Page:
Apple is taking it slow on mobile payments but carriers are likely the biggest roadblock

We recently reported that upcoming iPhone prototypes were found to contain code for Near Field Communication. However, that does not mean Apple mobile wallet – or Passbook – will let you make purchases right out of the gate. In fact, according to a Wall Street Journal report published late last night, Apple is taking a slow-go approach to mobile payments.

  • Apple’s head of iPhone software, Scott Forstall, was interested in the idea, say people familiar with the matter, and engineers on his team began to brainstorm a comprehensive “wallet app.”
  • They discussed whether Apple should facilitate payments to merchants directly, one of these people said. The idea didn’t go very far, on account of the complexity, including the possibility that the company would need to become a bank.
  • The Apple team investigated ways to make money from various ideas, such as teaming up with an existing payment middleman and taking a small cut of many transactions rather than layering on an additional fee. Some who worked on the project referred to the idea as “the Superman III” play, in honor of the movie’s greedy tech-savvy villain, this person said.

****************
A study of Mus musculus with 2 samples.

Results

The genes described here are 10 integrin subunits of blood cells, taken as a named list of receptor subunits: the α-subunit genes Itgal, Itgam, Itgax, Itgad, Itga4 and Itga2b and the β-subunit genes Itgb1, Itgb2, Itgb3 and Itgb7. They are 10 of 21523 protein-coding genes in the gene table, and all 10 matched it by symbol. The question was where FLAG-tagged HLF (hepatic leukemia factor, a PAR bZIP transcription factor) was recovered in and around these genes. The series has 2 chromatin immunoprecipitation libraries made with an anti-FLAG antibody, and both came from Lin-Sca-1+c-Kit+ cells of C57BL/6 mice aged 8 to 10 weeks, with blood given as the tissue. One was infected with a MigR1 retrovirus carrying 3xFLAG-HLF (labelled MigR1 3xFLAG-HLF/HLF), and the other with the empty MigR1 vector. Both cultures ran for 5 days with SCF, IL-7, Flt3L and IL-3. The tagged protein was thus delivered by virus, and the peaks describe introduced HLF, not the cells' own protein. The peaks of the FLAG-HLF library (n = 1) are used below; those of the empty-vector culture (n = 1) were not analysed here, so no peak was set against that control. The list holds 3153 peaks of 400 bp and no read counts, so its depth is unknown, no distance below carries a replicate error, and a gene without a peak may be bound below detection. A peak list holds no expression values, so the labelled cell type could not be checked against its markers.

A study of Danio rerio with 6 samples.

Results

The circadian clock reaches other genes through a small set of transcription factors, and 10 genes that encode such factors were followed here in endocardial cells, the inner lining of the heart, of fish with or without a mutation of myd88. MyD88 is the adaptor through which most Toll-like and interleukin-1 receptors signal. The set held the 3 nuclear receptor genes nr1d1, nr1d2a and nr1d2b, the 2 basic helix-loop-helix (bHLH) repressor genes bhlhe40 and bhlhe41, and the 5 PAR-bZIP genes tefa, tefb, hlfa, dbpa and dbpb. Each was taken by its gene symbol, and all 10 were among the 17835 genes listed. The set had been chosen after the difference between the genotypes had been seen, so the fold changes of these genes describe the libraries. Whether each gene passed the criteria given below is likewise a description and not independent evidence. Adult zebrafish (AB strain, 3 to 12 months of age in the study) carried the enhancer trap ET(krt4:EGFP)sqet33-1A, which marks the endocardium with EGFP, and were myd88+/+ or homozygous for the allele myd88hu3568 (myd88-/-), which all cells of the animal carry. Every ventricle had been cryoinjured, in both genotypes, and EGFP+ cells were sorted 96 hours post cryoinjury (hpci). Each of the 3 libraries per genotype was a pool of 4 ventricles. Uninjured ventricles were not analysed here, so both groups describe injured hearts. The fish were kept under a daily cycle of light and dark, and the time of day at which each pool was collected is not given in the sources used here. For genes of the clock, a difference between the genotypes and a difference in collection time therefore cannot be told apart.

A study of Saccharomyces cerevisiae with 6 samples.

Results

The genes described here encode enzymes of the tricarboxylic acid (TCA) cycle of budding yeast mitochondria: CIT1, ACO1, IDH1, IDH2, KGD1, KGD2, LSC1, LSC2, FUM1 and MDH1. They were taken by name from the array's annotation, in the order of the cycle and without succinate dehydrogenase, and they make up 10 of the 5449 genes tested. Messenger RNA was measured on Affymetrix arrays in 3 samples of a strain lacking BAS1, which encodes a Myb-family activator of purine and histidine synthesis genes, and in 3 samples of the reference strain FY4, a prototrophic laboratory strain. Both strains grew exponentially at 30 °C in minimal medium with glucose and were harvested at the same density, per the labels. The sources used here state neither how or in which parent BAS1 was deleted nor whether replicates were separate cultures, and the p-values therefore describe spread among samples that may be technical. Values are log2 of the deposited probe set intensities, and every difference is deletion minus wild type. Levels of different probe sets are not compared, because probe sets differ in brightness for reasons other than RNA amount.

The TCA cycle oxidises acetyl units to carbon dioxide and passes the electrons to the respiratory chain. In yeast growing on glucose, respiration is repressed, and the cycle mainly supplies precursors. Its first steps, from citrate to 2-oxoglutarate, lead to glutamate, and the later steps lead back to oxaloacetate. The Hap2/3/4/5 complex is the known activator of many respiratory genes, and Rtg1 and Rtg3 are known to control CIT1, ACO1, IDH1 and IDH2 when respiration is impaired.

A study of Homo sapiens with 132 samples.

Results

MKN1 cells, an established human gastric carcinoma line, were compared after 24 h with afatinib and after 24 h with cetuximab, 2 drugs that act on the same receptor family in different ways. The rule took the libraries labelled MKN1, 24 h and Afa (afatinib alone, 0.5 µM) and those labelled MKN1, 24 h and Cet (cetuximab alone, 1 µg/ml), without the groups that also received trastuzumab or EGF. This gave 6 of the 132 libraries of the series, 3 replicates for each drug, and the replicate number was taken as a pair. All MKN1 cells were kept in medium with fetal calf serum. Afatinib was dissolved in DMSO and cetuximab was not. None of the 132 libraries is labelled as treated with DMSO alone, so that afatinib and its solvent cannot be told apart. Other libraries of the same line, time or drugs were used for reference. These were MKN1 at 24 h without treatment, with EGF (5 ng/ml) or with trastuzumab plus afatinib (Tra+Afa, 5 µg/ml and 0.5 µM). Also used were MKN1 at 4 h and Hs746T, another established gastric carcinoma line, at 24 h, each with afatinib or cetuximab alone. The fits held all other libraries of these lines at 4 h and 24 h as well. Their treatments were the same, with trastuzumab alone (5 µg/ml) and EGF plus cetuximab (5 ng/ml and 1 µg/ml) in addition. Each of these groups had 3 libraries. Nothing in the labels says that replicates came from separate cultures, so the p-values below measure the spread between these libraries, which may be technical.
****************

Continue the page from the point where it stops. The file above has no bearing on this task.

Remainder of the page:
If you want to know the real roadblock, look at Google to see how its Wallet plan is going. Verizon, AT&T and T-Mobile are part of a separate, competing wallet system called “Isis” that has yet to get off the ground. However, that has not stopped the three Telcos from colluding to stop competition.

Even though Google Wallet is over a year old, it has yet to get on any of these three carriers’ devices. In fact, to get it on AT&T and T-Mobile, Google has to sell the Galaxy Nexus unsubsidized without any T-Mobile or AT&T branding. T-Mobile and AT&T refuse to subsidize the Galaxy Nexus so long that it has Google Wallet (they do subsidize the Nexus S without Wallet added). On the Verizon version of the Galaxy Nexus, the Google Wallet app is blocked. Sprint is the only carrier that allows Google Wallet; however, as a partner with Google, it would be just as unlikely to allow an Apple mobile wallet as ‘Team Isis” above.

The reality is that an Apple Wallet may not be able to get off the ground in its current form, because the carriers would block it. Although Apple is a power player and would be the best hope of breaking up the Isis Cartel, it would likely create enemies of its very influential carrier partners.